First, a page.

Prognostic Factors for Reoperation After Plate Fixation of the Midshaft Clavicle


Objectives:

To determine which prognostic factors were associated with an increased risk for all-cause reoperation in a heterogeneous population of patients treated with primary plate fixation of a midshaft clavicular fracture.

Design:

Retrospective observational study.

Setting:

Single university-affiliated tertiary care Level 1 trauma center.

Patients:

Of 235 consecutive patients with primary plate fixation for a midshaft clavicular fracture. A reviewer extracted data through a retrospective chart review regarding 20 possible prognostic variables and documented reoperations (defined as any surgical procedure after the initial surgery, including implant removal, bone grafts, implant exchanges, or debridement for infection).

Intervention:

Open reduction and internal fixation of the clavicle using straight and precontoured clavicle plates.

Main Outcome Measurements:

Complete 2-year follow-up information was available for 153 of 235 patients (65%). Of these 153 patients included in the analysis, 58 (38%) had reoperations. The preoperative risk factors for 3 specific “reoperation outcomes” were examined: (1) reoperation for implant removal alone; (2) reoperation for nonunion, infection, or fixation failure; and (3) multiple reoperations.

Results:

There was a significant reoperation rate in this patient series (58 of 153 patients, 38%). Although most were for isolated plate removal (42 of 153 patients, 27%), there were a minority of patients who required more complex (16 of 153 patients, 10%) or multiple (8 of 153 patients, 5%) procedures. For these 3 possible outcomes (reoperation for implant removal alone, reoperation for nonunion, infection, or fixation failure, and the need for multiple reoperations), significant risk factors were identified that can assist surgeons in patient selection and predicting reoperation after plate fixation of midshaft clavicle fractures. The significant risk factors for implant removal alone (42 of 153, 27%) were the use of a plate that was not precontoured and patient height <175 cm. The significant risk factors for reoperation for nonunion, infection, or fixation failure (16 of 153, 10%) were illicit drug use, diabetes, and previous surgery of the shoulder. The significant risk factors for multiple reoperations (8 of 153, 5%) were age >55 years and alcohol use >15 drinks per week.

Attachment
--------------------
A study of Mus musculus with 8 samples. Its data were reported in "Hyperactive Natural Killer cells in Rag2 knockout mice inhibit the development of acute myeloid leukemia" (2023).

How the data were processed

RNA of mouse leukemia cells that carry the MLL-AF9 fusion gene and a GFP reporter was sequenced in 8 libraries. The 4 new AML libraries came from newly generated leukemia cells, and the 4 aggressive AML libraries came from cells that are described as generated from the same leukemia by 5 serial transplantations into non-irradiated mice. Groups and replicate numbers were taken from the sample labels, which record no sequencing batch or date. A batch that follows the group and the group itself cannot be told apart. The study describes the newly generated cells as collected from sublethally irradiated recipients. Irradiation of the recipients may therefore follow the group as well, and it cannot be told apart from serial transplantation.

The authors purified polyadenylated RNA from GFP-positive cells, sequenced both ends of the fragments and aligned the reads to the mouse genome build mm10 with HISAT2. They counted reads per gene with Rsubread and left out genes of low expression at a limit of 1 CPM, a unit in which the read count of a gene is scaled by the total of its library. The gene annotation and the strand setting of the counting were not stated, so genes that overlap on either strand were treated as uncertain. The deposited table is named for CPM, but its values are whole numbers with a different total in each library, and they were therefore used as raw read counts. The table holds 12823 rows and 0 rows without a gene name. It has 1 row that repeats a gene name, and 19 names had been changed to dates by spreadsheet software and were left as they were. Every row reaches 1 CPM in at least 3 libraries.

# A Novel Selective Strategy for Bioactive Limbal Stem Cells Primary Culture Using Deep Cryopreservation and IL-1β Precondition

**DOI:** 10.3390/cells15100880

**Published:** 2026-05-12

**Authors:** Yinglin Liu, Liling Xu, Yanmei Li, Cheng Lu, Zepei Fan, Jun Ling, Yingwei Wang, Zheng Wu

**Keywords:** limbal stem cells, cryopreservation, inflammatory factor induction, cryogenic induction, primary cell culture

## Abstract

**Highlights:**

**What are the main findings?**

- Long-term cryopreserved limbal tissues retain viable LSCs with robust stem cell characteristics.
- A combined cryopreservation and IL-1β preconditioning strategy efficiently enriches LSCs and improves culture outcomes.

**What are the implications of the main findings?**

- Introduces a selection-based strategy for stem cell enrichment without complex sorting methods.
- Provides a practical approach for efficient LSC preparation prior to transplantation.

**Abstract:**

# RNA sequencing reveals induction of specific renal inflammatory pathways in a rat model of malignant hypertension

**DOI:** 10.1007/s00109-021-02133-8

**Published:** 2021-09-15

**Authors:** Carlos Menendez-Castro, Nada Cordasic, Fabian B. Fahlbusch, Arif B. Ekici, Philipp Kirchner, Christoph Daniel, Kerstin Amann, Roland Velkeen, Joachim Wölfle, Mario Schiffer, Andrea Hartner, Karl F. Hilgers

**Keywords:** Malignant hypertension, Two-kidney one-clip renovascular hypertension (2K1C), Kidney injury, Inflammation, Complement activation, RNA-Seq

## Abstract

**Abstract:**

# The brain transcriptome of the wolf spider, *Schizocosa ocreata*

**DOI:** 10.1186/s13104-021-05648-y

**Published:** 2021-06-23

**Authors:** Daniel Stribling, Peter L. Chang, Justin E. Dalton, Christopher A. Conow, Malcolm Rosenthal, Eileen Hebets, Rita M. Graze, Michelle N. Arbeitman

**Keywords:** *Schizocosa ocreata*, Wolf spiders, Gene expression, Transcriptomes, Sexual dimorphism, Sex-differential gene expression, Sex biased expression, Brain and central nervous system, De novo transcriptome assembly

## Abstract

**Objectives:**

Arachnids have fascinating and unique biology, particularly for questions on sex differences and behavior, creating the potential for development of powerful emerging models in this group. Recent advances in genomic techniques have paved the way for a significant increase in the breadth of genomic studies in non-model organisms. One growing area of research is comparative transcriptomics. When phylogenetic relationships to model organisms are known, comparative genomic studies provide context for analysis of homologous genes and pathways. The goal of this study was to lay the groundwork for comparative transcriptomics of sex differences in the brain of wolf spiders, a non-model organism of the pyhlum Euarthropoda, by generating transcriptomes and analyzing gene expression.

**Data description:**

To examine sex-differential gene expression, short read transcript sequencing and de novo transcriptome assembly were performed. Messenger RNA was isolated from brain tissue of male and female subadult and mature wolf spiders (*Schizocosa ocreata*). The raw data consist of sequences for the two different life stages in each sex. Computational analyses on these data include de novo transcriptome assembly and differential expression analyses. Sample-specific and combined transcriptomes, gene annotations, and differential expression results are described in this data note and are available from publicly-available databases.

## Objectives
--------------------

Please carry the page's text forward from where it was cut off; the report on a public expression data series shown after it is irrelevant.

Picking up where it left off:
Conclusions:

The use of precontoured plates can decrease the rate of hardware removal after primary fixation of displaced fractures of the midshaft clavicle. Also, specific preoperative prognostic factors may be used to counsel patients, maximize outcomes, minimize serious complications, and limit revision surgery.

Level of Evidence:

Prognostic Level II. See Instructions for Authors for a complete description of levels of evidence.